When a person inherits a property that they want to sell, it’s important to make sure all of the legal paperwork is handled properly before that listing ever hits the MLS. Here’s a brief explanation of Texas probate law. It’s not a complete picture, so please consult an attorney if you have questions.
When someone dies without a Will, the estate must be shared in accordance with rules determined by the State, known as the Texas Probate Code. If there is no joint tenancy with survivorship in the deed to the property, then before a house may be sold, a clear title and heirship must be determined. While that is in process, typically a family member will need to take over the maintenance of the property, including property taxes, insurance, utilities, lawn care, cleaning out the contents of the house, and any needed repairs to preserve the value of the property.
If a Will exists then it generally must be executed and probated in court before the house is sold. To do that, a probate hearing is held, wherein all of that person’s property is be gathered, their debts paid, and the remaining assets distributed according to either the provisions of his or her Will. This is assuming that there is no dispute over the validity of the Will or distribution of assets. This generally takes about 30 days.
When no will exists, an Affidavit of Heirship may be prepared. This involves providing a complete family tree to demonstrate who the rightful heirs are and their relationship to the deceased. It’s easiest if there haven’t been a lot of marriages, or the pool of decedents or other heirs is small.
After the Affidavit of Heirship is complete, an attorney may prepare a deed transferring title to the proper heirs. Both the Affidavit of Heirship and the new Warranty Deed are filed with the county in which the property is located. Only after those steps are complete may the heirs begin the process to sell the house. Again, this process is best handled by an attorney who specializes in probate law as the process may be lengthy if not handled properly. Understand that the sales contract must be approved by the court prior to closing. An experienced attorney can handle this though it may day take a little longer than a traditional closing.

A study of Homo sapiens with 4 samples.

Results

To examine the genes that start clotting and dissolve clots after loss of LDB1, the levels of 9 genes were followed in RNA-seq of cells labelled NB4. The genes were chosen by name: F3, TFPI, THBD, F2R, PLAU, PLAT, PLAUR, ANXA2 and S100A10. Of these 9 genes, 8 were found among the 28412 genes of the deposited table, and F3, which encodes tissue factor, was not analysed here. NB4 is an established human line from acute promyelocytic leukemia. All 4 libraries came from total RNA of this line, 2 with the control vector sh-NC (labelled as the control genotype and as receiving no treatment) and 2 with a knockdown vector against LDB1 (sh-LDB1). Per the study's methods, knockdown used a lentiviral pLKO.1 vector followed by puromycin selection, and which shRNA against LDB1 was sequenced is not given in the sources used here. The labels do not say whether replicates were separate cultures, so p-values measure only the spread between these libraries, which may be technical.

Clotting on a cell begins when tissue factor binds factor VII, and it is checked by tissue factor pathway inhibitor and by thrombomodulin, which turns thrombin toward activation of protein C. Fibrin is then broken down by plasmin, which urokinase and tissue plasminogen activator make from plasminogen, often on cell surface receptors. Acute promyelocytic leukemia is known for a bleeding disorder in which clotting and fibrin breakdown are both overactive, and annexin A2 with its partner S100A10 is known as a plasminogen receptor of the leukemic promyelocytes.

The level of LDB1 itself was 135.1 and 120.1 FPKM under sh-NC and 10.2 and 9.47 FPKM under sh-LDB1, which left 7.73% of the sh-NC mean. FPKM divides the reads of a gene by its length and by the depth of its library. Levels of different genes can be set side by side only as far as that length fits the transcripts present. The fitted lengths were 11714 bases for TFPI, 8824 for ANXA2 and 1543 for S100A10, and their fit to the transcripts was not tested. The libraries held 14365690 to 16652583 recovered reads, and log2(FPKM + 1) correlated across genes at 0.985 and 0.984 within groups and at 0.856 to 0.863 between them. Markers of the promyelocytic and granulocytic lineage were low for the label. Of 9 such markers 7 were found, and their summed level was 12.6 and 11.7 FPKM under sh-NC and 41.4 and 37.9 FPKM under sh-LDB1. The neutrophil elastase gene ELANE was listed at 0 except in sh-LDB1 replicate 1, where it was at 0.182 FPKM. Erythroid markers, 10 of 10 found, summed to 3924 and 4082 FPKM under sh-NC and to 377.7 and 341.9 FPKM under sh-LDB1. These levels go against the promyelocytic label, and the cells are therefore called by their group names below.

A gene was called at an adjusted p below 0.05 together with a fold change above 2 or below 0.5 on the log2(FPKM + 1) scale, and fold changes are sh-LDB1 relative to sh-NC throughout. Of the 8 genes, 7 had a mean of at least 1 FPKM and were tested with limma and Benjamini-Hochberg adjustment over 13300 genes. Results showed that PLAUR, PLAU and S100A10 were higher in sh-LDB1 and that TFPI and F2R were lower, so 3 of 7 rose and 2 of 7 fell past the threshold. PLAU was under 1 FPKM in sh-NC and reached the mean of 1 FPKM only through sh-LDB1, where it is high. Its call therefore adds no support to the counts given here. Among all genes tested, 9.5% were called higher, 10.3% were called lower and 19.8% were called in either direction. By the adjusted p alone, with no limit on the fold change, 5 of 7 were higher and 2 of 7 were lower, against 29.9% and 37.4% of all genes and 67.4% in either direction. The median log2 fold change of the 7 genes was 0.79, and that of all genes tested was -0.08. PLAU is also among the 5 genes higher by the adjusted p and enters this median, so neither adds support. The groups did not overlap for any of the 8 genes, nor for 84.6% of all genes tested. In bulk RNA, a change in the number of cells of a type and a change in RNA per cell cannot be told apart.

Do bear in mind that in Texas, there are a number of different kinds of estate administration, depending on how the will (if present) was written and who the beneficiaries are. In any case, the title company makes the rules. If the title company insists that you take extra steps in order to remove an exception from the commitment, you do it. If they tell you to get all beneficiaries to sign the deed, you’re going to have to persuade them all to sign.
When you are presented with the opportunity to list the home of an estate, be sure to ask questions about the probate process right away. You don’t need all of the answers right away, but you need to know if the would-be sellers seem to have their ducks in a row. Do you have every signature that will be needed at the closing on the listing agreement?
Once you have the listing, make sure to advise buyers that a special provision will need to be made to subject the contract to the approval of probate court. Be prepared to present a certified copy of the appraisal to the court. Also be sure to advise the buyer that possession will be determined by the court as a confirmation of sale, and not upon the typical same day “closing and funding.”
Our best advice is to develop a good relationship with an attorney who practices probate law before you encounter this type of transaction so that you are prepared to do business when the time comes.